Healey Willan - Summer Night

Posted on October 31, 2019

Summer Night is a CD of songs by Healey Willan produced by the Canadian Art Song project and due to be released on the Centrediscs label next month.  Willan is best known as a composer of church and choral music but he also wrote over 100 songs and song arrangements, many of which have not been published, let alone recorded.  There are 28 songs on the CD ranging in composition date from 1899 to the late 1920s.  Most are original settings of the text though a few are arrangements of existing songs; either traditional or by Burns.

The music is very much in the early 20th century English Romantic tradition.  There’s nothing terribly experimental and I’m not sure any of the songs reach the heights of, say, Vaughan Williams Songs of Travel.  That said, they are never less than competently workmanlike and often rather better than that.  I liked the Three Little Songs (1899-1902) which are pleasingly straightforward short love songs.  There’s a robust setting of Tennyson’s The Tourney (1904) which is rather fun.  Yeats’ Lake Isle of Innisfree will never be my favourite Yeats poem but I enjoyed Willans evocative setting.  The two Burns settings are rather good too.  I do think maybe this is an album to dip into rather than play end to end but I’m very glad that it exists.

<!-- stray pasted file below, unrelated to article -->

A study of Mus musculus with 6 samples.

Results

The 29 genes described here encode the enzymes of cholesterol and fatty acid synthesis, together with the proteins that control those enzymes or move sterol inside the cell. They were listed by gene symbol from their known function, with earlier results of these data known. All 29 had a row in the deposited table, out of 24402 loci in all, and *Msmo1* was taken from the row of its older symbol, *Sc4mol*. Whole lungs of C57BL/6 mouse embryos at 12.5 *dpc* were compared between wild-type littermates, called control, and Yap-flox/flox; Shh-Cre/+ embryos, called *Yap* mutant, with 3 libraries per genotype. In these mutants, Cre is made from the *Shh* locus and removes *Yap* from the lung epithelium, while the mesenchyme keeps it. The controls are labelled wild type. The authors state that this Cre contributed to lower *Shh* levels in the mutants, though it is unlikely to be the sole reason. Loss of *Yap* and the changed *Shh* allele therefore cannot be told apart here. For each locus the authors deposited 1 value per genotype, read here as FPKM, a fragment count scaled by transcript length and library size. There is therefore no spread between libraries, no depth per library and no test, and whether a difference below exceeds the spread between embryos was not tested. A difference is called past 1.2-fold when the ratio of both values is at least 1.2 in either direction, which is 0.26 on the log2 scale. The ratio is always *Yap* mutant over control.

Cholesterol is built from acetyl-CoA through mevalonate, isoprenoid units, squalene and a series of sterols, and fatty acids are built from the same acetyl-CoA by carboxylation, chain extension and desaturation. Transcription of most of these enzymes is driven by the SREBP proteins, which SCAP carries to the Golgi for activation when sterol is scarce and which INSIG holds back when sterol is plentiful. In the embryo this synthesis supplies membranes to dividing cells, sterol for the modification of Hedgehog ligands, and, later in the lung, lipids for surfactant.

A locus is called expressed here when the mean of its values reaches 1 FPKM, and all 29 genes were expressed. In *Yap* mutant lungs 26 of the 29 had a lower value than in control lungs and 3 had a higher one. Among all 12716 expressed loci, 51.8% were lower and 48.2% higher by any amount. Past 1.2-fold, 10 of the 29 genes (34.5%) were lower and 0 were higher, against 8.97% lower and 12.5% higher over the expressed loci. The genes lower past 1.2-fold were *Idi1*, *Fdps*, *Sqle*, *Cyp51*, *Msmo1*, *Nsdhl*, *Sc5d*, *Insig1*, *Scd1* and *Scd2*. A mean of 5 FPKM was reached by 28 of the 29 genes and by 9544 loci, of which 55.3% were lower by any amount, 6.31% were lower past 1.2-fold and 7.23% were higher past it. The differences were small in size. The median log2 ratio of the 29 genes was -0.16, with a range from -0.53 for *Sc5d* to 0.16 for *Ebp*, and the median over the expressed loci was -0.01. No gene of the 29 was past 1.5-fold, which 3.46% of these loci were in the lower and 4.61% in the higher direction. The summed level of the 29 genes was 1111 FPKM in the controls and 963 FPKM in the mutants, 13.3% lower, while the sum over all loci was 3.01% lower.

The performances are really good.  The songs are shared between baritone Peter Barrett, soprano Martha Guth and mezzo Allyson McHardy.  They make a nicely contrasted trio.  Barrett is muscular but musical.  Guth has a clean bright sound which is very different from McHardy’s dark, smokey tones.  Excellent accompaniment is provided throughout by Helen Becqué on piano.

The recordings were made at Grace Church on the Hill in 2016 and 2018 and sound really good.  The ambience is appropriate for art song and everything is quite clear.  The booklet includes a useful essay on Willan’s songs as well as full texts.

It’s a worthwhile disk and well worth hearing for anybody interested in Canadian art song or “the other side” of Willan.